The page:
Gov. Livingston Athletic Community Gives Back to Support Fellow Highlander Diagnosed with Cancer

The Gov. Livingston Girls Soccer team donates $10 per goal scored to support teammate's brother diagnosed with cancer. Credits: Karen Bachert
Gov. Livingston soccer goalie Michelle Coyle with her parents Bill and Eileen. Michelle's brother Will was diagnosed with cancer and just completed his last chemo cycle. Credits: Bobbie Peer

BERKELEY HEIGHTS, NJ - It didn't take long for the Gov. Livingston community to step in to help the Coyle family, who was going through a difficult time this past fall when their son William, a sophomore at Gov. Livingston High School, was diagnosed with Hodgkin's Lymphoma in August.

William is a member of the cross county team and brother to GL girls varsity senior soccer goalie Michelle Coyle. 

Members of the cross country team spearheaded a "Team William" bracelet sale. "I thought it was so sweet that William's teammates wanted to support him and I figured that they would have a sale and set up a table at one of their meets," said William's mother Eileen. "I never imagined that it would evolve into something that would involve all the GL Athletic teams and the entire school with the sale of the 'Team William' bracelets."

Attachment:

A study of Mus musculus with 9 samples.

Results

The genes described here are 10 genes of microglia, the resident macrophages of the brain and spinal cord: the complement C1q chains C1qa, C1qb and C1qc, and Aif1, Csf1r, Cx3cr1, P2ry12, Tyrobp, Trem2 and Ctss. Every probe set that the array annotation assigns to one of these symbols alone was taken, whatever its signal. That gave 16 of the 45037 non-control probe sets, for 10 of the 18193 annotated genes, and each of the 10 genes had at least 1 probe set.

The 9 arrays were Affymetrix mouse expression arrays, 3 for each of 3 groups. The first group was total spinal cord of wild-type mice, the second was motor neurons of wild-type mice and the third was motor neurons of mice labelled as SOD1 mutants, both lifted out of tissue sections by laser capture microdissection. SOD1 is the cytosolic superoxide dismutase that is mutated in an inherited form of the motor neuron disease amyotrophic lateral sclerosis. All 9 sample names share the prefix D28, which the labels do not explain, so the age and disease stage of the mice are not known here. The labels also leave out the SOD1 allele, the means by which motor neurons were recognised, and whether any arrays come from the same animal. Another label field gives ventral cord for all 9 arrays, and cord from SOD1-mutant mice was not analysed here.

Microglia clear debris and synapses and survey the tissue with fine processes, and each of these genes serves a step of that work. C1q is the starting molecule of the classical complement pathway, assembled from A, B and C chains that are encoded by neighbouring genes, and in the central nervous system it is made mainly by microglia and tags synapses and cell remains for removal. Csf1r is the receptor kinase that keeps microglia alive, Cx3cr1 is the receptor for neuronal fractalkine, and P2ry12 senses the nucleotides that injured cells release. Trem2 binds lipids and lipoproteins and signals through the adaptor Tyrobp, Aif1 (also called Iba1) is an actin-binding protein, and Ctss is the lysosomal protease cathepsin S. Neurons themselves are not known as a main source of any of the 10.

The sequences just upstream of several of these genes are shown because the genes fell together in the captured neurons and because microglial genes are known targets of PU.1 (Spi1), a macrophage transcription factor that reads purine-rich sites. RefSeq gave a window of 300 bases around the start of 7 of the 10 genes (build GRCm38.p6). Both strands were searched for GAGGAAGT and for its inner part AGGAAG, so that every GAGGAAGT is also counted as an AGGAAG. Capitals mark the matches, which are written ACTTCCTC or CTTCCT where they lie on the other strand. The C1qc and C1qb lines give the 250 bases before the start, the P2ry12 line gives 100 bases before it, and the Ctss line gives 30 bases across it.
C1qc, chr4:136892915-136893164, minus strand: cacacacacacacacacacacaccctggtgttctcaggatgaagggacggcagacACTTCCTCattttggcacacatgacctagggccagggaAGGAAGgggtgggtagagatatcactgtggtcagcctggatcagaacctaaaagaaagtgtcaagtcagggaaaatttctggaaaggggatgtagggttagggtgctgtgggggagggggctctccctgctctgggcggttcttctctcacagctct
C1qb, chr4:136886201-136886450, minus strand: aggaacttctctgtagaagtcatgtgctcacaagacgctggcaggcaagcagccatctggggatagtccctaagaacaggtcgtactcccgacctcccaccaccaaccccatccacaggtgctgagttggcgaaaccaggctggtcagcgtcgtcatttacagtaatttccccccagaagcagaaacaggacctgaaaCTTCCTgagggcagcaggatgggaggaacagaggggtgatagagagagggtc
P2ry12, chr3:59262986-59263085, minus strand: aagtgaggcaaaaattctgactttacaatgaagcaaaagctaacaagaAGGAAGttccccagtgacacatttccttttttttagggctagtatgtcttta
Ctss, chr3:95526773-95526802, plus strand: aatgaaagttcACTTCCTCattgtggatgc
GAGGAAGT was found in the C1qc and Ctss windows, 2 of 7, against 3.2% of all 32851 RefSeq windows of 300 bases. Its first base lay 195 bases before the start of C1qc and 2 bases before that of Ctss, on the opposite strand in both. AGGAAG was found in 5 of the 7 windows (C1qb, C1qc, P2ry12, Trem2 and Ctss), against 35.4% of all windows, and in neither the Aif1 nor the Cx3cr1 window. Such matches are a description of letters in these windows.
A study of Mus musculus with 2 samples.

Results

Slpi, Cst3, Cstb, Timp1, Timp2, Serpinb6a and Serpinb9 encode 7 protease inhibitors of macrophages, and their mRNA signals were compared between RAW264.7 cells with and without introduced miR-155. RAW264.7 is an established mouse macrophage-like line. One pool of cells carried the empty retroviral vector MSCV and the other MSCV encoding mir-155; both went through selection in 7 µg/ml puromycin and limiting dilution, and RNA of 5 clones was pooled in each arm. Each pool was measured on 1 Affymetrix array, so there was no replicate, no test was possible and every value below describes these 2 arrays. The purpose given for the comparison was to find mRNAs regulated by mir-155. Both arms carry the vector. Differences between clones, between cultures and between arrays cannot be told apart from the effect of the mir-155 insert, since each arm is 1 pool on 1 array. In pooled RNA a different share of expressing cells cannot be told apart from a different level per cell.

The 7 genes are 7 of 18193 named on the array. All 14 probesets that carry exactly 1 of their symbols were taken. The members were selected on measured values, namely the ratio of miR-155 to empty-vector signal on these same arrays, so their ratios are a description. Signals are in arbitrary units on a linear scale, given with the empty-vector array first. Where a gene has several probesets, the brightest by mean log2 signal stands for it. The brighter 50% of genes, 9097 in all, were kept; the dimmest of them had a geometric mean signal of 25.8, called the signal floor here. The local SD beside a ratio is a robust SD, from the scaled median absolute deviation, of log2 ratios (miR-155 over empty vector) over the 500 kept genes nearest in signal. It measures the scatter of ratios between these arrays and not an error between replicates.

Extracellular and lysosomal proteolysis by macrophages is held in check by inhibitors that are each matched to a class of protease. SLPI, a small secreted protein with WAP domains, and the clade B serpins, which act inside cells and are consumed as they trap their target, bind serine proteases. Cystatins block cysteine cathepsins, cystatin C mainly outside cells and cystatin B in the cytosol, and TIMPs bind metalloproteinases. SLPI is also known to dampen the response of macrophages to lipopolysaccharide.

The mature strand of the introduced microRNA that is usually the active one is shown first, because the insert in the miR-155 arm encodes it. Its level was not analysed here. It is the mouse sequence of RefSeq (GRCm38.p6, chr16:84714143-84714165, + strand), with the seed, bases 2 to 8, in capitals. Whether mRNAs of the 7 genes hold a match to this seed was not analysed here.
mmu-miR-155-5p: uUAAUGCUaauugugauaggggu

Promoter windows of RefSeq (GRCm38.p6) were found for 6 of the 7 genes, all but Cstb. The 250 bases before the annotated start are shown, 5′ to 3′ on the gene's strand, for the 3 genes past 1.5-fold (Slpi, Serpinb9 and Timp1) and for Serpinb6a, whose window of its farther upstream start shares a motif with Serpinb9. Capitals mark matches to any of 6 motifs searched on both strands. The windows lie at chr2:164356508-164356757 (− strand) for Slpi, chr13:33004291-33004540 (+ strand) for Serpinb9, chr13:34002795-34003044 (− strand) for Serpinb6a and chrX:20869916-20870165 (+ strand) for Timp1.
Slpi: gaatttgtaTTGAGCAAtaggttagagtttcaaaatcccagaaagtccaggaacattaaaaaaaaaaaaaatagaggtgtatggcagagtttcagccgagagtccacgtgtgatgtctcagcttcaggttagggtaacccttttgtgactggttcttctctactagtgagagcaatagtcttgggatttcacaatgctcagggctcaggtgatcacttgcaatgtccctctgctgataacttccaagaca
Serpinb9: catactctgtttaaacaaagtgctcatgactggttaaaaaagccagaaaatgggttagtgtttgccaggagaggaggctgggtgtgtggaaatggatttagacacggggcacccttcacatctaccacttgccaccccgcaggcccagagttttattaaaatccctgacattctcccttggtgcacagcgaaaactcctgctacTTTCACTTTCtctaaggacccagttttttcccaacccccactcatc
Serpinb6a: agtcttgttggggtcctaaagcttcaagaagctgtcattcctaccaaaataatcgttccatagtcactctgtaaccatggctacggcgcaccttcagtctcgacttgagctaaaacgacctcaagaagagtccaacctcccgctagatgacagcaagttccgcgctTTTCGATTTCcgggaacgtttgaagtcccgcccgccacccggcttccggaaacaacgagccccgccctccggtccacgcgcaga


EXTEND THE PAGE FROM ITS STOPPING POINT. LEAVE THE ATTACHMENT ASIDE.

"We can't even begin to thank everyone -- from the sale of the 'Team William' bracelets, meals, gift cards and gifts to William. Our entire Thanksgiving dinner was provided by friends complete with pies, delicious desserts and a beautiful floral centerpiece. The list of the generosity of others goes on and on," said Eileen.

"The kindness and support of friends and strangers alike has made this difficult time for us much easier," she said. "We feel very blessed and grateful to live in this wonderful community."

William completed his last chemo cycle on December 5 and his PET Scan shows no signs of the cancer. He has been home schooled while going through his treatments and is hopeful to return back to school in January. His prognosis is great and he plans and looks forward to running in the spring when he is medically cleared by the doctors.